Internet users are chipping in to try and free the Thai elephant from a life of carting around tourists.

What do you do when cashed-up tourists ignore all of the warnings about elephants and animal cruelty? You buy the elephant.

Internet users are chipping in to raise $42,000 (990,000 Baht) to buy 54-year-old Kham Phaeng and rescue her from a grim existence in a Thai city.

Despite being emaciated and covered in scars, the ageing female is forced to continue to work the sometimes seedy streets of coastal Pattaya, around two hours south of Bangkok.

Daniel Villota (left) and Vicki Kiely (right) are fundraising to buy a 54-year-old elephant named Kham Phaeng. Source: Supplied
Daniel Villota (left) and Vicki Kiely (right) are fundraising to buy a 54-year-old elephant named Kham Phaeng. Source: Supplied

Vicki Kiely from rescue group Unchained Elephants explained to Yahoo News Australia just how bad her condition is. “Her teeth are completely worn down. She’s only got one eye — her right eye is gone. And I think she’s got some parasites in her stomach, so she needs veterinary care,” she said.

“She was previously a trekking elephant and in the logging industry. So you can see from her body, her hips and her back are in really bad shape.”

What will happen to the money raised?

As of Friday, more than 80 per cent of the funds Unchained Elephants needs to rescue Kham Phaeng had been donated. But with only days to go they were working hard to try and acquire enough cash to get them over the line on December 12.

Once purchased, the elephant will be trucked seven hours from Pattaya to Kanchanaburi, where the elephant sanctuary Somboon Legacy Foundation is located.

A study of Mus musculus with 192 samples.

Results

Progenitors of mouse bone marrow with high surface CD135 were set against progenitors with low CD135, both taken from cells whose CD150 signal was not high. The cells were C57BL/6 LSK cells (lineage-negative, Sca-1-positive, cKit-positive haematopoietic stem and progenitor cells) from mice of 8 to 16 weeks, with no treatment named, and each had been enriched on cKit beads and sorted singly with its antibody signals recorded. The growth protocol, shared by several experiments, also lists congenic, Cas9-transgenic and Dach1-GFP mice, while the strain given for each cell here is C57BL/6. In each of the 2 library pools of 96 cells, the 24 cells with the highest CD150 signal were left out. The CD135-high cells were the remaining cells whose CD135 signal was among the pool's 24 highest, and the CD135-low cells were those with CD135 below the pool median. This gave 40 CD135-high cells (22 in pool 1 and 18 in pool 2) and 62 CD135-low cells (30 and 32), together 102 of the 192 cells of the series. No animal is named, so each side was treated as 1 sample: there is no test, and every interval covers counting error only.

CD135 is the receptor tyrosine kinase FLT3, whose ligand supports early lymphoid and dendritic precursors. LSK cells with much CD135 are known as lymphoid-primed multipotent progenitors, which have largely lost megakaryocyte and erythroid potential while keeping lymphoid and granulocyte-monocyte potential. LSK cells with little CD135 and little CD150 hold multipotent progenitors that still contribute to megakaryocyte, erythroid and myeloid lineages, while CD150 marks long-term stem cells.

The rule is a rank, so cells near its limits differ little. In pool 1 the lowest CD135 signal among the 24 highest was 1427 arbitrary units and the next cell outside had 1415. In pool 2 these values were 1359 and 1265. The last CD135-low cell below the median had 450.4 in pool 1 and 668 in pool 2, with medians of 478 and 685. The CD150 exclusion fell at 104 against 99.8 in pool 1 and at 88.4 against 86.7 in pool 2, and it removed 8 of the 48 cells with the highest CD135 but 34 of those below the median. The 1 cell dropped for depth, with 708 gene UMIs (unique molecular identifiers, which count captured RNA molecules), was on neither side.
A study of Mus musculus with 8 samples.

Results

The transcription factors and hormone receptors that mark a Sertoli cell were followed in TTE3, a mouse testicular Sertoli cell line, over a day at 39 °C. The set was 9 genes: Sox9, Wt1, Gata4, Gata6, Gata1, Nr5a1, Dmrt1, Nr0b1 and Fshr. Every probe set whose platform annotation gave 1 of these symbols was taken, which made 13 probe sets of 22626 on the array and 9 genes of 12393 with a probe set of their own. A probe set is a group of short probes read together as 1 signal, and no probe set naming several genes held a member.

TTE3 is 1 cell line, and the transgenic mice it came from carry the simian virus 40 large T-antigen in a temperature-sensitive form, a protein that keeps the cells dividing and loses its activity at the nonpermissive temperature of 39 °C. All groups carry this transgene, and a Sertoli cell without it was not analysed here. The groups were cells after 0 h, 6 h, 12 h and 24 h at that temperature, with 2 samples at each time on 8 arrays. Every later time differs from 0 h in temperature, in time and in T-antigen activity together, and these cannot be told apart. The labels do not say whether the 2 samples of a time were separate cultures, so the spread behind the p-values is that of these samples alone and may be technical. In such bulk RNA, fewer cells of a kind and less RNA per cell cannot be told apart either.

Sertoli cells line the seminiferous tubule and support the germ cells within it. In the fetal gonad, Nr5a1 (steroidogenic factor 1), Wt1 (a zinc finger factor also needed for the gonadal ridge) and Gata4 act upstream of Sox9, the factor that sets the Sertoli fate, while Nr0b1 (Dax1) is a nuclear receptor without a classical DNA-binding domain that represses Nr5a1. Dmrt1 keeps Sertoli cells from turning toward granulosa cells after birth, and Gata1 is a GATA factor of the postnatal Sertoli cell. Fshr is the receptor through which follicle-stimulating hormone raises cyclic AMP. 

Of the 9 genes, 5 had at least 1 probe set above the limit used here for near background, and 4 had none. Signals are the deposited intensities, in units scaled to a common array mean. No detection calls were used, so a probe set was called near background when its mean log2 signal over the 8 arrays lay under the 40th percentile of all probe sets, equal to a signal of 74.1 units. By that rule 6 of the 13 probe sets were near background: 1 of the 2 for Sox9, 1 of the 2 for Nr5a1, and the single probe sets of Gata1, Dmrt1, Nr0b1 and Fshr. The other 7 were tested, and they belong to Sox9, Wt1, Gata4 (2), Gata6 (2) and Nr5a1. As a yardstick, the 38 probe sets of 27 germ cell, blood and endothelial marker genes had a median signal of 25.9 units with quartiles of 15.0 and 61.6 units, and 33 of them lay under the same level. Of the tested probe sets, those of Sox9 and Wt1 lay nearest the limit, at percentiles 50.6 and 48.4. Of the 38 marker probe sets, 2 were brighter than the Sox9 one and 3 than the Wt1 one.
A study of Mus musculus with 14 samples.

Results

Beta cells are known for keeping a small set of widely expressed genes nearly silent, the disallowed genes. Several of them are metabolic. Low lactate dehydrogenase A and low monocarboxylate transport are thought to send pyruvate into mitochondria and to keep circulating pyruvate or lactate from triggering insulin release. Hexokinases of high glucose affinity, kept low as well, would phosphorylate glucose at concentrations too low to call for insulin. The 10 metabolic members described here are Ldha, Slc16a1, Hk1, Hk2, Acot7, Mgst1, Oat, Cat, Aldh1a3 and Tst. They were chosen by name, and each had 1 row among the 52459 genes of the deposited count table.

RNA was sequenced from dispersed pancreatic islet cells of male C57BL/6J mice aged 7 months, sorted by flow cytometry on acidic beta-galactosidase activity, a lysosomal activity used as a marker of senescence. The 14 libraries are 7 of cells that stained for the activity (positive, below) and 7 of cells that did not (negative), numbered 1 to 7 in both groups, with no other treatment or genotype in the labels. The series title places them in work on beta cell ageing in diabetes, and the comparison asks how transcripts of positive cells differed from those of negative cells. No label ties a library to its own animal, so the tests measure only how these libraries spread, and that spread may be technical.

“We reached an agreement with the owner to buy her freedom, cover the transportation, and then support her at Somboon as well,” Daniel Villota from Unchained Elephants said.

He doesn’t believe the money paid to her owner will be used to send any more elephants into servitude for one key reason.

“The actual camp is in a really bad condition — it’s rundown. They have eight elephants and they need the funds to take care of them,” he said.

He hopes once the purchase is made, they can help the owners transition to more ethical tourism options.

Kham Phaeng is underweight and covered in scars after a life in captivity. Source: Supplied
Kham Phaeng is underweight and covered in scars after a life in captivity. Source: Supplied

More stories about elephants in Thailand

Tourists ignore warnings about elephant cruelty

It’s by working with elephant ride operators that many charities believe they can achieve more positive outcomes.

Despite aggressive marketing campaigns that highlight the horrific methods used to subjugate elephants into submission, tourists continue to purchase rides.

“They're usually tied by their four legs for days to weeks on end, depending how long it takes them to learn the specific tricks they need to do. During this process, they're only given water. They starve them. They beat them. They burn them. They prod them with sticks. They shout at them,” Vicki said.

“It's just It's torture until their will is bent… But when we were with Kham Phaeng we saw tourists coming in, they sounded like they were from America.”

If you wish to donate, you can do so here.